I was standing on a roof.  My roof.  My parent’s roof.  I was looking down on our front yard; they were staring up at me — the kids from the neighborhood.

There was the chubby girl with the beautiful face who would wind up getting pregnant much too early, and her younger brother who died from drugs much too young.  Next to her stood the much-too-cute-for-me boy who would be not-so-cute later, but played a wicked game of baseball.  Beside him stood the goofy, home-schooled kid who was more fun than all of them put together.  Behind this group stood the only black kid on the block — he thought he was tough; I beat him up once for hitting his puppy.  My sister stood next to him — this beautifully simple girl who would become so complex.

I had informed this group of neighborhood kids that I could fly.  I figured that in the course of the conversation if I just tossed this bit of information in casually, it might be commented on as something really neat, but ultimately dismissed as something that anyone would want to see.  Kid logic.  Go figure.  Needless to say, (but I’ll say it anyway), I was asked to prove it.

While my sister proceeded to defend my honor, “She can fly; I’ve seen it,” I began to devise a plan.  I noticed how close the large tree in our front yard was to our house.  Doing quick geometry (which I didn’t know was geometry then) I estimated that if I ran hard enough I could launch myself from the top of our one-story house, grab the tree and ultimately make it look as though I flew to the tree.  At this point, I surmised that the neighborhood kids would be sufficiently impressed, and I could tell them I would never fly in front of them again because they didn’t believe I could fly in the first place.  Brilliant!  My plan was in place.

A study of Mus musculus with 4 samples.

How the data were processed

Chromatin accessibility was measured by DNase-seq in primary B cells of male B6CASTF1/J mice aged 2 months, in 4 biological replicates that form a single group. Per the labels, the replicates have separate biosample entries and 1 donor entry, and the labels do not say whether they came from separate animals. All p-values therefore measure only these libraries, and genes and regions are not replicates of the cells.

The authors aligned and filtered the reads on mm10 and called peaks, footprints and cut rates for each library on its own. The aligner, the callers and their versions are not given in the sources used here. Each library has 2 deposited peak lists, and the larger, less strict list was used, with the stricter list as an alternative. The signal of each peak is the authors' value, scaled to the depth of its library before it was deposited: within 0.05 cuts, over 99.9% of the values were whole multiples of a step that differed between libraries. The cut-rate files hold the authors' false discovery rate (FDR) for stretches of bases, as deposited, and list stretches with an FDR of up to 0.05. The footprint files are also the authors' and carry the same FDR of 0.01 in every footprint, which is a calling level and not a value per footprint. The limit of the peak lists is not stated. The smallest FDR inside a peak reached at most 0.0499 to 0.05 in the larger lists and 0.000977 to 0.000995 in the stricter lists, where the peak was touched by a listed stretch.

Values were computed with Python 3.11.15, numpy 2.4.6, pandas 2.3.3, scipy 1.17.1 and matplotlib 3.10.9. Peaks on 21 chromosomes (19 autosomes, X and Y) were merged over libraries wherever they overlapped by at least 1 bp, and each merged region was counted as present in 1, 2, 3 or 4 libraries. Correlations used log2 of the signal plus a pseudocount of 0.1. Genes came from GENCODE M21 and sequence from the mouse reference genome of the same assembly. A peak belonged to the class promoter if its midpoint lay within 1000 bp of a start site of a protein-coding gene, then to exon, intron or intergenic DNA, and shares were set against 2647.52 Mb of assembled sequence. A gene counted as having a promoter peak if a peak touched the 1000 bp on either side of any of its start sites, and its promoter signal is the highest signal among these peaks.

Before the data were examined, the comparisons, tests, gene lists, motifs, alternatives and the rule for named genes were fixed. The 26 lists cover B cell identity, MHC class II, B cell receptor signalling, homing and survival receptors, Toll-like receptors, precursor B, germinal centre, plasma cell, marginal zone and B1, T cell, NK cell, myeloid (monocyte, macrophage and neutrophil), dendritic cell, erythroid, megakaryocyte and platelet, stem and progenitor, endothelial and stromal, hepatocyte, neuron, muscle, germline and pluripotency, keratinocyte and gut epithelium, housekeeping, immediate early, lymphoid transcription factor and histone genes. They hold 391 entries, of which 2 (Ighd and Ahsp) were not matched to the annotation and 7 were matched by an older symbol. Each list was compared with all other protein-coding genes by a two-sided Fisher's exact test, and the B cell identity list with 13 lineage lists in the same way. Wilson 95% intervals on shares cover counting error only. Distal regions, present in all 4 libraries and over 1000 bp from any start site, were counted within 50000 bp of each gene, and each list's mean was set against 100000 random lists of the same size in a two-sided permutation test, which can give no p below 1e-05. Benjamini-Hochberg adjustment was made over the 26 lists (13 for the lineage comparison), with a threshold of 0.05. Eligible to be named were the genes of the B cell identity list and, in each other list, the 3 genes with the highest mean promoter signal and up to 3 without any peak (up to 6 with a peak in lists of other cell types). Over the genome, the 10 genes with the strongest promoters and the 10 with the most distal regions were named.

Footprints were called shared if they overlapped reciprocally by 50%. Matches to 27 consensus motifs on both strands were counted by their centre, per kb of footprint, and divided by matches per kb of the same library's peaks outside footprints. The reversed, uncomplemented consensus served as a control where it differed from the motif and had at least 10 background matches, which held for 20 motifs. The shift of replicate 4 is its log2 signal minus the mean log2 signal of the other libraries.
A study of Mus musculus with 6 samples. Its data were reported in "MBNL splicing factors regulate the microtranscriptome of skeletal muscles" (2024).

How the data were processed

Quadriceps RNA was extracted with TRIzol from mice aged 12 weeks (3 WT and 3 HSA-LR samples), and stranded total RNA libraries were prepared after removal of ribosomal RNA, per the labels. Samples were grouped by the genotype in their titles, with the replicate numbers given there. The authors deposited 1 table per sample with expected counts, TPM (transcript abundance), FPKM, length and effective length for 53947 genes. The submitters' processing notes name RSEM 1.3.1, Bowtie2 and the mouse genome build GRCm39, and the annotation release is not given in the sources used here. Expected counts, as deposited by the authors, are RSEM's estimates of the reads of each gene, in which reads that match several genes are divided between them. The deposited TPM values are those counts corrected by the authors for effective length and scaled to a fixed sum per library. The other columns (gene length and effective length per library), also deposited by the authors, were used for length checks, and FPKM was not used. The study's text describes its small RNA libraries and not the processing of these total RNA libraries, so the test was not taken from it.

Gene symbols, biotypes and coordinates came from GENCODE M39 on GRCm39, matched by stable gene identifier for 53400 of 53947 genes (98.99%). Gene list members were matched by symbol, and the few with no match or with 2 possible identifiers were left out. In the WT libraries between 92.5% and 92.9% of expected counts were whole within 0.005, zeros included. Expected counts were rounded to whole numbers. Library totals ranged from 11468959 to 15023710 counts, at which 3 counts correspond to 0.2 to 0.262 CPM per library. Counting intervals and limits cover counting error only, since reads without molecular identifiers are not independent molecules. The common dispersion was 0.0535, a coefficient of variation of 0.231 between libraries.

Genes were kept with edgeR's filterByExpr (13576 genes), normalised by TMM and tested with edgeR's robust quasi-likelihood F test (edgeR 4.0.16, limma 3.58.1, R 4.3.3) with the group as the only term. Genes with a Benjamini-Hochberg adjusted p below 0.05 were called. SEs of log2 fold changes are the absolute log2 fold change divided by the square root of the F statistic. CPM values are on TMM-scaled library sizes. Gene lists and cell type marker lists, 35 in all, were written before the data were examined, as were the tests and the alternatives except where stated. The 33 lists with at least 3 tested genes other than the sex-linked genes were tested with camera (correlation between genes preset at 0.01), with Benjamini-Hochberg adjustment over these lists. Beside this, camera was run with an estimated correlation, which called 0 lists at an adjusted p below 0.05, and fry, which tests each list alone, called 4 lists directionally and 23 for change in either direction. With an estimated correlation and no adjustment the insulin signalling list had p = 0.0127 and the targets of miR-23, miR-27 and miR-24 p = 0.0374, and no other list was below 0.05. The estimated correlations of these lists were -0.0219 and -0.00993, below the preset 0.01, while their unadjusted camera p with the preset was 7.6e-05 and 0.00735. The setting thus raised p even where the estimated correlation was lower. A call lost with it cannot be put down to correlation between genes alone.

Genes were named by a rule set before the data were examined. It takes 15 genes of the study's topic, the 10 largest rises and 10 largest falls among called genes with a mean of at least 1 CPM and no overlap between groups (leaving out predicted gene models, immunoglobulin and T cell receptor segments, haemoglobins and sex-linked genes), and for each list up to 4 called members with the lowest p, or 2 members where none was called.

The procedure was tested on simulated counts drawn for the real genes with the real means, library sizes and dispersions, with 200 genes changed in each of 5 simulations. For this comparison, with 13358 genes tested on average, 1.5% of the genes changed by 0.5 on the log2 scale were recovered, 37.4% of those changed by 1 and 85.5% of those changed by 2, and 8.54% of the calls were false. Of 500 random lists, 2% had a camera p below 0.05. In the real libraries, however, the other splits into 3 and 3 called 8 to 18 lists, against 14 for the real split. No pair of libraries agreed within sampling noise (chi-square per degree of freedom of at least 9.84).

I climbed our fence and hoisted myself up onto the roof.

Now, standing on top of the house, looking down on my friends, I felt a sort of calm.  I wasn’t nearly as scared as I thought I’d be.  What if I could actually fly?  That would be something, wouldn’t it?  And I would never have known it because I would have just assumed I couldn’t.

I walked backwards up the roof, lining myself up with the tree in front of me.  I screamed, “Ready?”

There were yells from below, inaudible, but I got the picture, “Do it already.”

I started running.  I got to the edge of the roof and launched myself toward the tree.


You know that moment right before you realize you did something really stupid when time seems to stand still.  That’s what happened.

There was a moment when I thought, “I’ve done it.  I’m going to make it.”

That moment was short lived as I felt my fingertips brush the tree branches and felt my body slowly fall to earth.  I landed on my face — the breath knocked from me.  I think I might have also lost consciousness.

I rolled over to find my sister looking down at me.  I don’t know how long I had been laying there.  Everyone else had gone – scattered when I landed with a thud and appeared dead.  I looked up at her.

“Almost,” was all she said before she went to join the others.